You heard it here first. Well, not really...
As VIX [the US equity implied volatility index] makes new multi-year lows, David Merkel at RealMoney [$] notes: "many investors have become yield hogs, and have sold puts and calls to increase income in a tough environment. This is akin to the problems that bond managers face today in their quest to find yield." Meanwhile, Brad Setser is becoming more persistent in his suggestions that the U.S. housing market and, more generally, household wealth owes much to China's trade surplus and its impact on yields. Most intriguing is Tradesport's contract on whether the yuan will be revalued by January 1st; for it seems to be tracking the VIX since the beginning of the year.Ten days later, China nominally discarded its currency's peg to the US dollar, revaluing by 2.1%. Lo and behold, the VIX has not been lower since the day before that surprise move (which also saw the lowest level since 1993):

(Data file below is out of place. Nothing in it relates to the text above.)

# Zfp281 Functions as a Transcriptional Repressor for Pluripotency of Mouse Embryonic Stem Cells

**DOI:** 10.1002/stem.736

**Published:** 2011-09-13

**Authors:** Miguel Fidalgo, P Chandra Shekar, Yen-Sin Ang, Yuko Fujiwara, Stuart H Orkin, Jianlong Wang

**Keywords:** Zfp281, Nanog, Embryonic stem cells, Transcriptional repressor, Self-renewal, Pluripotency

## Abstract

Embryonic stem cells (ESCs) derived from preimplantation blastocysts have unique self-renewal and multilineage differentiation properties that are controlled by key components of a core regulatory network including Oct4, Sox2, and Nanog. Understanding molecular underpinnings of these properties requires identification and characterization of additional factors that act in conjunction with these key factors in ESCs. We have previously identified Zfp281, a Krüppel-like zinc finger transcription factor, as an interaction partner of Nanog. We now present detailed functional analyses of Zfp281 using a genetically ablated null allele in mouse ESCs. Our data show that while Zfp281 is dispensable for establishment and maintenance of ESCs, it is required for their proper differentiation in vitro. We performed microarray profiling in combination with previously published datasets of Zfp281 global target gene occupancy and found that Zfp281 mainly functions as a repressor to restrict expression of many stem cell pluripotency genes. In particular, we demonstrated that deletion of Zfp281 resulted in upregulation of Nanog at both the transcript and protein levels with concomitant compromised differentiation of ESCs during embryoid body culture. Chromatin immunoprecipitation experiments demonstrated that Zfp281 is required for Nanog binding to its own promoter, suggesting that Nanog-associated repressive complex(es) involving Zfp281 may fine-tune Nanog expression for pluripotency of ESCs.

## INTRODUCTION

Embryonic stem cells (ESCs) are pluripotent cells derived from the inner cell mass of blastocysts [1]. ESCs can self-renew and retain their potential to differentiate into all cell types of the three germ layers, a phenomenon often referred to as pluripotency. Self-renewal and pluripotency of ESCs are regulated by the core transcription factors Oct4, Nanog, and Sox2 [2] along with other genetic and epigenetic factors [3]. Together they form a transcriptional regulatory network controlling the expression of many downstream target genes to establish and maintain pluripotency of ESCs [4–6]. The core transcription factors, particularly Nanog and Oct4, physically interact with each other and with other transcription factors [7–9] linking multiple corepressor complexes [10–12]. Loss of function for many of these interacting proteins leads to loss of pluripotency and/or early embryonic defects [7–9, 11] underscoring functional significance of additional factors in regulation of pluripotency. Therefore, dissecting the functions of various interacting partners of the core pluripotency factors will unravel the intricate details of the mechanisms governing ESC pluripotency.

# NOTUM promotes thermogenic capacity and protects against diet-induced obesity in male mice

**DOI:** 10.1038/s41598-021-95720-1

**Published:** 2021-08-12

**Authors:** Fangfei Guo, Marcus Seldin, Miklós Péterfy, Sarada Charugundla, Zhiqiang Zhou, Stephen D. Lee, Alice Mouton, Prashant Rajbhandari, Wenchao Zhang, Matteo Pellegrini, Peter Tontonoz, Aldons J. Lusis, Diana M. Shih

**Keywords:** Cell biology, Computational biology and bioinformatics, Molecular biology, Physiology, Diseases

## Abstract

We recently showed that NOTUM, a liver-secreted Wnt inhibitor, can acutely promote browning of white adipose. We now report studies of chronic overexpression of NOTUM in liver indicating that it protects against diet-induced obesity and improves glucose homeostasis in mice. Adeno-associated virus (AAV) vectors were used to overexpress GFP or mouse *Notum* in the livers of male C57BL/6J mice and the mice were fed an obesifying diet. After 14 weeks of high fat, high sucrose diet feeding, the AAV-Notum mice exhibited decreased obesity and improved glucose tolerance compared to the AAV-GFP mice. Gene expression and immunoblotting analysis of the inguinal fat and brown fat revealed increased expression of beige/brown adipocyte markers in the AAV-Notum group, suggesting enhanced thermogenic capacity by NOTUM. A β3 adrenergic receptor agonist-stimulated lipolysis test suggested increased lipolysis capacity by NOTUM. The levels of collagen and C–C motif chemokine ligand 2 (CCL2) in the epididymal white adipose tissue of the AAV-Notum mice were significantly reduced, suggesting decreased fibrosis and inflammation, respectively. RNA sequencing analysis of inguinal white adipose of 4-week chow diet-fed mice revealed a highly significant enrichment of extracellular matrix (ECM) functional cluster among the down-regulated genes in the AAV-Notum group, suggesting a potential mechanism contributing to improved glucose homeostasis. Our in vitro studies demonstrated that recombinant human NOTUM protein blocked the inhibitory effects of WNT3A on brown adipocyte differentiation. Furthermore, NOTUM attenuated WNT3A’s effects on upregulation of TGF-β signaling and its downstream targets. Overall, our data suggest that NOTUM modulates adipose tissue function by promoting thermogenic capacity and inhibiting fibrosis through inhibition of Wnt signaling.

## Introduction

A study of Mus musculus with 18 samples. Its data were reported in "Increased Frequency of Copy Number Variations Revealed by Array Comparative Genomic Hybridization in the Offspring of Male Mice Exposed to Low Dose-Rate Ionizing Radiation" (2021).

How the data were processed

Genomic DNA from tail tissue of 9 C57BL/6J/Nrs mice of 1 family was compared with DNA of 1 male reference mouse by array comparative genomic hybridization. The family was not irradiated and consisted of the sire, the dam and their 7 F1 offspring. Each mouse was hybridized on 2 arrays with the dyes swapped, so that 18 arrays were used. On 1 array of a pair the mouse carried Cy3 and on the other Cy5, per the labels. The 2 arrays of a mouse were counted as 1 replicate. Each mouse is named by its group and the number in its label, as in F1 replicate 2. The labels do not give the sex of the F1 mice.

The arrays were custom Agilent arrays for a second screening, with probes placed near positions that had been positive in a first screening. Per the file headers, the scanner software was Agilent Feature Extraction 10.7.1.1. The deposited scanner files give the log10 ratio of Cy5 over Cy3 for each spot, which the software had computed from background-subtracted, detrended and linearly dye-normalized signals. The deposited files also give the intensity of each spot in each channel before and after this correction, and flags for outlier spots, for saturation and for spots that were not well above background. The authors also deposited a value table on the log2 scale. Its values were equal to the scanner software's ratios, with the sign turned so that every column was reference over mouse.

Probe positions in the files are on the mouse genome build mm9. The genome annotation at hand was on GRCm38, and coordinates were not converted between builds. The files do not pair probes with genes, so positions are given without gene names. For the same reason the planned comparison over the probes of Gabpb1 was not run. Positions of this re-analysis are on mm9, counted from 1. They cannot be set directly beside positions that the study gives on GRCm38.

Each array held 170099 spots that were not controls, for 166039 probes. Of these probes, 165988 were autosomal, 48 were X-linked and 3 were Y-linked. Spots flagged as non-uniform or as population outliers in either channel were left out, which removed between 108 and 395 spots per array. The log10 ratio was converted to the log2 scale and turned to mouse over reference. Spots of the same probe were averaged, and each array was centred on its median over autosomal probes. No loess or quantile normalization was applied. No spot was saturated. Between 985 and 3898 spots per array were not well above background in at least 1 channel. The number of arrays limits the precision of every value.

Why Intrade's market seemed to track the VIX leading up to the announcement is open to debate, but the following crescendo reinforces the suspicion that it wasn't a meaningless coincidence. One interpretation is that someone was using the market as opposed to expressing a subjective probability of revaluation. It might be silly to suggest that someone was using the market to hedge against another position, and only $21,000 traded in the Dec05 contract (with $111,000 in all maturities), but this would be a straightforward explanation. In any case, this is one of the more interesting prediction markets to date.
(By the way, ten year yields bottomed in June 2005, over a month before the revaluation, and right about the time gold started gaining against all currencies.)
Thanks to Intrade for providing their data.